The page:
Can guacamole be frozen?

You probably shouldn't, but there are alternatives for enjoying this treat

Bill Daley

The Daley Question

October 22, 2013


—Claudia Perry, Evanston

A: Yes, but you shouldn't. That's what two experts told me.

"Technically you can freeze guacamole. But I don't recommend it," writes Rick Bayless, the celebrity chef, Chicago restaurateur, author and television star, via e-mail. "Exposing avocados to extreme heat or extreme cold changes their flavor. Besides, many of the mix-ins you probably have in your guacamole may become mushy when frozen-then-thawed (I'm looking at you, tomatoes)."

Daisy Martinez, the Brooklyn, N.Y.-based television cooking show host and author, suggests making the "salsa" portion of the guacamole the day before. "Then fold in lightly mashed avocado right before serving," in a message via Facebook.

But if you really insist on freezing avocados, Bayless recommends you make a sweet avocado ice. The recipe follows..

"It's not guacamole but it's delicious,'' he writes.

Avocado ice (nieve de aguacate)

Makes 8 servings

A recipe from the ninth season of Rick Bayless' television cooking series, "Mexico: One Plate at a Time." This recipe, among others, may be found at the celebrity chef's website: rickbayless.com.

2 1/4 cups sugar

8 medium or 5 large very ripe avocados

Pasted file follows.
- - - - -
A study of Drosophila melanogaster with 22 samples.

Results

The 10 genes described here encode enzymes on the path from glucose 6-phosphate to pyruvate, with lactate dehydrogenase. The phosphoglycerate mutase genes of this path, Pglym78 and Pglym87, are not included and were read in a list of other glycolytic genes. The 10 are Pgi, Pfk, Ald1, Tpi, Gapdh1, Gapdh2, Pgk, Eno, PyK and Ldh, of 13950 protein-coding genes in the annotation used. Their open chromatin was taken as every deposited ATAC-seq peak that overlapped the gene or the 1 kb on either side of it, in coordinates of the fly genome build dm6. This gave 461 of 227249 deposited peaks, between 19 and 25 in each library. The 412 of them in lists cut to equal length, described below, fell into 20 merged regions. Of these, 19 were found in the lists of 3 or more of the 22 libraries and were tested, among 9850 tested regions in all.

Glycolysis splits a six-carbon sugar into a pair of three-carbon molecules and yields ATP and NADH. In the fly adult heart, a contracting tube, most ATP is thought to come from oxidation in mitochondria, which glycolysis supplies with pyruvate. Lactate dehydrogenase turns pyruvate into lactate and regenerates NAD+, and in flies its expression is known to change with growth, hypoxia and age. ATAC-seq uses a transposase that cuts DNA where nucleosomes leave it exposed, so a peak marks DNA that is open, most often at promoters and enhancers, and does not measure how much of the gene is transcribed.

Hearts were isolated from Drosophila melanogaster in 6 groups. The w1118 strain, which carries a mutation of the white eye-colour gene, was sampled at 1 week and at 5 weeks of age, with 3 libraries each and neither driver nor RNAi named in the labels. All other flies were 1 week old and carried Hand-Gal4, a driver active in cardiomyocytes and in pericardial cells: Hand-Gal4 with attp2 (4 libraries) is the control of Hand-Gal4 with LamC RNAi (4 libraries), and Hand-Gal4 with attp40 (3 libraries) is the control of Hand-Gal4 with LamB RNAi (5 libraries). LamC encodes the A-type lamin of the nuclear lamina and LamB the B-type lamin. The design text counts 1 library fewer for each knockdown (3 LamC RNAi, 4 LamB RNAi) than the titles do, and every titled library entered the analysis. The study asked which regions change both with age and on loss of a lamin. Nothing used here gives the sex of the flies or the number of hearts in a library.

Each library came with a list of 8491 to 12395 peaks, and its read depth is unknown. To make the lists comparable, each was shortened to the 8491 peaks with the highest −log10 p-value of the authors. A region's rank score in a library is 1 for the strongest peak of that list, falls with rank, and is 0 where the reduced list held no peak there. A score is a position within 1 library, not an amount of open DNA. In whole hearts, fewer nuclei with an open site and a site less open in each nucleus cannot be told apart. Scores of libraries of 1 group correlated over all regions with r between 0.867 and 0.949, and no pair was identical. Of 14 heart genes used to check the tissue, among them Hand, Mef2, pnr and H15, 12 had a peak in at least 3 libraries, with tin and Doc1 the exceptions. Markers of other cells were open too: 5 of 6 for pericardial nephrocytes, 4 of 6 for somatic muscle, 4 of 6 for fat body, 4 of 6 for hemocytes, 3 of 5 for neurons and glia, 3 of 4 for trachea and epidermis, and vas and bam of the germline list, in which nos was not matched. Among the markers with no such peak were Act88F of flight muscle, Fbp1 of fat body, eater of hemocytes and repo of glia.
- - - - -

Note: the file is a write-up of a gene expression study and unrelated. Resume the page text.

1/2 cup fresh lime juice

1/2 teaspoon salt

1 Set a medium (3-quart) saucepan over medium high and add the sugar with 1 1/4 cups of water. Bring to a boil, whisking until the sugar is dissolved. Remove from the heat and cool completely.

2 Cut the avocados in half, running a knife around the pit from top to bottom and back up again. Twist the halves in opposite directions to release the pit from one side. Remove the pit, then scoop the flesh from each half into a food processor or blender and process until the avocado is completely smooth. You will need 3 cups of avocado puree.

3 Add the cooled syrup, lime juice and salt to the avocado and process until everything is well mixed.

4 Pour the mixture into the canister of your ice cream maker and freeze according to the manufacturer's directions. The ice will have the best texture if scooped into a container and placed in a freezer to firm up for 3 or 4 hours.

Do you have a question about food or drink? E-mail Bill Daley at: wdaley@tribune.com. Snail mail inquiries should be sent to: Bill Daley, Chicago Tribune, 435 N. Michigan Ave., Chicago 60611. Twitter @billdaley.